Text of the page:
December 28, 2017

 

Now that the New Year has arrived, we're all looking for ways to make improvements in our lives, from getting fit to reexamining our finances to remodeling that horrid 1970s-style bathroom. If you're planning to make any improvements to your home this year, here are some things you need to know about home upgrades and their tax implications.

 

 

 

Tax Breaks for Home Improvements

So, if your project qualifies as a home improvement, does that automatically mean it's tax deductible? Not necessarily. In fact, home improvements are generally not tax deductible. However, there are some exceptions and other kinds of tax breaks that may apply to you, including:

 

When You Sell: If your home increases in value (whether through appreciation or upgrades) and you turn a profit when you sell, that profit — known as capital gains — will be taxed. However, you can reduce the amount of capital gains taxes you owe by increasing your adjusted cost basis. Your cost basis is what you paid for the home, minus costs incurred (including home improvements). A higher adjusted cost basis means a lower capital gains tax, so be sure to keep receipts and paperwork from home improvements you make to increase your adjusted cost basis when you're ready to sell.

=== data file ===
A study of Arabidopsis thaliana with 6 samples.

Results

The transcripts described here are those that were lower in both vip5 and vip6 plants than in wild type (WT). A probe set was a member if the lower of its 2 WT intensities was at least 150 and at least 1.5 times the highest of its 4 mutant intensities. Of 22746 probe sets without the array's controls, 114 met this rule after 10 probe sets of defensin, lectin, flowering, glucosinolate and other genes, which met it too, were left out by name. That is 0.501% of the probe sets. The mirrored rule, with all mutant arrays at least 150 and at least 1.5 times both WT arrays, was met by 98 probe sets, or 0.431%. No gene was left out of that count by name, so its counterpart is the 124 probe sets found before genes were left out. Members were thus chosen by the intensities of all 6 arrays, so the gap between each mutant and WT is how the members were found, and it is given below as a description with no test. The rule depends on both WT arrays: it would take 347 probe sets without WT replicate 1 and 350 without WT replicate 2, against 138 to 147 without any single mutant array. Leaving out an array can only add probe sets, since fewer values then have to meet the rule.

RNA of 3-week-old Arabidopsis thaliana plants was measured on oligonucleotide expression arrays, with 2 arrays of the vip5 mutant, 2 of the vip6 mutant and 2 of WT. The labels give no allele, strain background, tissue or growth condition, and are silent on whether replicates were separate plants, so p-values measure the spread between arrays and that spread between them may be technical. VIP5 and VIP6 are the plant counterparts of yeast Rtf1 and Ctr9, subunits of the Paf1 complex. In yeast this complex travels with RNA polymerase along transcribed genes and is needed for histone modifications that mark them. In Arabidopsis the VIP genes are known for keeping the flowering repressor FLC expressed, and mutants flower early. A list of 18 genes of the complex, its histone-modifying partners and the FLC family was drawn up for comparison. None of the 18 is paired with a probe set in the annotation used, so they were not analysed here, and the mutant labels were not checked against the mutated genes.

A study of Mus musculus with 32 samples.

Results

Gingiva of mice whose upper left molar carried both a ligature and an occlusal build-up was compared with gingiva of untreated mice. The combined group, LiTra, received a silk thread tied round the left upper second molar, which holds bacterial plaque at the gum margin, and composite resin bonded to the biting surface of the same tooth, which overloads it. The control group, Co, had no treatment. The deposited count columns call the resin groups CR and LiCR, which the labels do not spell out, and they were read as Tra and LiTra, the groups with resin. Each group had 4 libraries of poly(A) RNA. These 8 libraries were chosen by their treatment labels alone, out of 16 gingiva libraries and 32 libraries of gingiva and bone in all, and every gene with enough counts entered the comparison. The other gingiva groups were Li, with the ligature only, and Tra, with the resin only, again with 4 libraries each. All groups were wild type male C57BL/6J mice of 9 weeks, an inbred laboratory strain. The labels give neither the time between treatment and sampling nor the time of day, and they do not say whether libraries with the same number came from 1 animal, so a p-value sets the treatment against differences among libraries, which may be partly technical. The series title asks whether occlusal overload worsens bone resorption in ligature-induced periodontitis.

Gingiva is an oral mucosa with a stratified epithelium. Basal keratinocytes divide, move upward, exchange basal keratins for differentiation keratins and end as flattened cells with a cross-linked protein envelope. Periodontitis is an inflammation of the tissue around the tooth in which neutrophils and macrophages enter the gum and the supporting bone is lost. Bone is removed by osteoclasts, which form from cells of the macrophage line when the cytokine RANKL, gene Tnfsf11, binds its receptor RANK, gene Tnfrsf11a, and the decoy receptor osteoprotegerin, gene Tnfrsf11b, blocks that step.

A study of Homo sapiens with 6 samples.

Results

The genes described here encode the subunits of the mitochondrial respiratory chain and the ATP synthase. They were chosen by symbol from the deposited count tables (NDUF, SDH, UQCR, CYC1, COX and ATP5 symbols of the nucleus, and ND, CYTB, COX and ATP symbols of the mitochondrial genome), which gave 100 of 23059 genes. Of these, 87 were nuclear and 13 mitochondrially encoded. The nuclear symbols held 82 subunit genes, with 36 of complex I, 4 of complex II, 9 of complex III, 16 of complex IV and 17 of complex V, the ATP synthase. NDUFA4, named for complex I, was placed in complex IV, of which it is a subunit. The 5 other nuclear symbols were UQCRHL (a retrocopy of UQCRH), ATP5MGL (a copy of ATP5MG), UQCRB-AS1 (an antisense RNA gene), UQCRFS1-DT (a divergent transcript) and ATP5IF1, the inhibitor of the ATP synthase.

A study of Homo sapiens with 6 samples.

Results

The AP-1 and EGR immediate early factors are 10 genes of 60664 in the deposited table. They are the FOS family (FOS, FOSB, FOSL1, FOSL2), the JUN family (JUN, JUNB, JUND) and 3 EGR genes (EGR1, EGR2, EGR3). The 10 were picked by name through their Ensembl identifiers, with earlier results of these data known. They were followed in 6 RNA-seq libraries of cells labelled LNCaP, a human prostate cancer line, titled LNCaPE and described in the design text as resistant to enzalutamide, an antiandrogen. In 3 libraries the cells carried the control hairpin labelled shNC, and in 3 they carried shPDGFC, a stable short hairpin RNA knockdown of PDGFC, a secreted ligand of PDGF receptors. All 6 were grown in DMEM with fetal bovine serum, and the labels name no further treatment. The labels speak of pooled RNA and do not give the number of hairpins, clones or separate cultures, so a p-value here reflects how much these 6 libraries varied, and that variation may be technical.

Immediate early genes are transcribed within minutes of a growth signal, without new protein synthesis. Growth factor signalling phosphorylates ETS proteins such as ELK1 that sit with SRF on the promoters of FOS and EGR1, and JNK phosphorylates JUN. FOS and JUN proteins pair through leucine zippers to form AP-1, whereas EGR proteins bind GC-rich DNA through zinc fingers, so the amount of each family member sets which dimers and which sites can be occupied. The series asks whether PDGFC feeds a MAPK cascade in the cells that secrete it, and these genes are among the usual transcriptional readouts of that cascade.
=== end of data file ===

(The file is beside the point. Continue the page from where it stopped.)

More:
Solar Energy Upgrades: While the tax credits for most energy efficiency upgrades expired in 2016, you can still claim a tax credit for solar water heaters and solar panels through 2021. Currently, the tax credit is 30% of the cost, including installation. The credit decreases to 26% for tax year 2020 and drops again to 22% for tax year 2021. So, if you plan to make solar upgrades, do so sooner rather than later to claim the higher tax credit. Visit energystar.gov for requirements and more information.

 

Medically Necessary Modifications: Renovations that are made to accommodate a medical disability can typically be deducted on your taxes. Examples include adding a wheelchair ramp, widening doorways, adding handrails or support bars, and installing lifts. There are some limitations, and you must itemize deductions instead of claiming the standard deduction, so be sure to talk to your tax advisor first. You can also check out IRS Publication 502 for further details.

 

Interest on Home Improvement Loans: If you take out a loan that's secured by your home — such as a cash-out refinance or home equity line of credit (HELOC) — to pay for improvements, you can deduct the mortgage interest from that loan on your taxes. This can help you save money by reducing your taxable income.

 

Whether you'd like to increase your home's resale value or simply want to improve your living space, home renovations can be a valuable investment. Just be sure to keep the above information in mind before starting any project in order to maximize your tax savings.